White Women’s Sexuality is Celebrated While Black Women’s Sexuality is Presented as Limited — not Respectable or Wholesome
Dr. Carolyn West, Associate Professor of Psychology at the University of Washington, argues in her 2008 article, “Mammy, Jezebel, Sapphire, and their homegirls: Developing an ‘oppositional gaze’ toward the images of Black women,” that the portrayal of Black women as promiscuous Jezebels throughout slavery and the Jim Crow era served as justification for the long-time sexual exploitation of them by white men.
West says the Jezebel caricatures depicting the stereotype of Black female hypersexuality can be seen on everyday items from that time period, including ashtrays, postcards, sheet music, fishing lures and drinking glasses, all depicting naked or scantily dressed Black women, lacking modesty and sexual restraint. For example, a metal nutcracker (circa 1930s) depicts a topless Black woman. The nut is placed under her skirt, in her crotch, and crushed. “Items like this one reflected and shaped white attitudes toward Black female sexuality,” said West.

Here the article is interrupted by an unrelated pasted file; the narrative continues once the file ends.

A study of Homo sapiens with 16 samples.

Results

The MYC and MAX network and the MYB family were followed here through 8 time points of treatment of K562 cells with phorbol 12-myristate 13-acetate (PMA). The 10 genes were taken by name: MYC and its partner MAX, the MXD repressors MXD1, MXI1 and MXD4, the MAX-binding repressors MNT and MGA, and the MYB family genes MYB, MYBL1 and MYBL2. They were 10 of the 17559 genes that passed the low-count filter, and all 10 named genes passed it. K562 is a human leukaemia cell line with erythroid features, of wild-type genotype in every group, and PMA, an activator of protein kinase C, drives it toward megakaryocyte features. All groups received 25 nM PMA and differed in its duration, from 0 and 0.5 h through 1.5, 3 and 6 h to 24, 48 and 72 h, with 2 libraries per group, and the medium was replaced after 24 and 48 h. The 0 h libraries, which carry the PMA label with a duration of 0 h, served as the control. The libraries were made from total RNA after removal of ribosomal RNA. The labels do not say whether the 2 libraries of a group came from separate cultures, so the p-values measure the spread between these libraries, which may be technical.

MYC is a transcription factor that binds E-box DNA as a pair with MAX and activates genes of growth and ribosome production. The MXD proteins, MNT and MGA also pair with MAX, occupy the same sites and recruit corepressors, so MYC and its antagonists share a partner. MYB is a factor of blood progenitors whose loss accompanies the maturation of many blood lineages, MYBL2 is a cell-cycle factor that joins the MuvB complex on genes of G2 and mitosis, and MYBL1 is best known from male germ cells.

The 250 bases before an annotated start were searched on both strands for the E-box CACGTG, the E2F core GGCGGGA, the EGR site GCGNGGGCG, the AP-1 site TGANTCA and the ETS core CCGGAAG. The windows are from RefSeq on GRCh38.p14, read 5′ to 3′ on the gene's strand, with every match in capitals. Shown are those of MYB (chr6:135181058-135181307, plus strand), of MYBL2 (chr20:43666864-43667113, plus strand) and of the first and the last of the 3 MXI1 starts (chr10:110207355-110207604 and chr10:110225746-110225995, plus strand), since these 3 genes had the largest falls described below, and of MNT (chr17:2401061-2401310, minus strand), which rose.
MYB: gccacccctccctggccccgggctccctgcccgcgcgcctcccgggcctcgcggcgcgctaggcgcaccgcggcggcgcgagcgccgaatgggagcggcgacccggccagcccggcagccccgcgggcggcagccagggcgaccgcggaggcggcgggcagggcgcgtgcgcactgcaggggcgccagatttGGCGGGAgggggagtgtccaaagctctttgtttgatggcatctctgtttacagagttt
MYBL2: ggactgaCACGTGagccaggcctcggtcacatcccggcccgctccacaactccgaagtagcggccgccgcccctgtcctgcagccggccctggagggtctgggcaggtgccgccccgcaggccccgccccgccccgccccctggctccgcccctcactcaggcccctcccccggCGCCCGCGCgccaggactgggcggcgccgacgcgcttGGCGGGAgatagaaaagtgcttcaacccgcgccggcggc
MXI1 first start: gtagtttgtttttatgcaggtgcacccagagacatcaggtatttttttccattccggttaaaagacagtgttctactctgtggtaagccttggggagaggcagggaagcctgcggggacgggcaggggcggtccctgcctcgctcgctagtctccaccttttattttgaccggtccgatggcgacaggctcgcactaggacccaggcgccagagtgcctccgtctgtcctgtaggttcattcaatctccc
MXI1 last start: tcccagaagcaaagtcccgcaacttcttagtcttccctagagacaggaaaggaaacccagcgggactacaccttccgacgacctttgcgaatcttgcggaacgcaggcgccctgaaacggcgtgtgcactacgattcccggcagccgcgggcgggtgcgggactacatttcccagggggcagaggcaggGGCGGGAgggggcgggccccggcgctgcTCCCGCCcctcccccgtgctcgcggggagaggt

Today, the Jezebel archetype, now referred to as a hooch, freak, chickenhead, or ho, can be seen gyrating in rap videos and appearing as prostitutes or mistresses on television and film. These frequent and persistent mass-media portrayals of Black female sexual indiscretion reinforce negative stereotypes of all Black women, while the white female population is free from the sexual behavior of a few being projected onto the whole.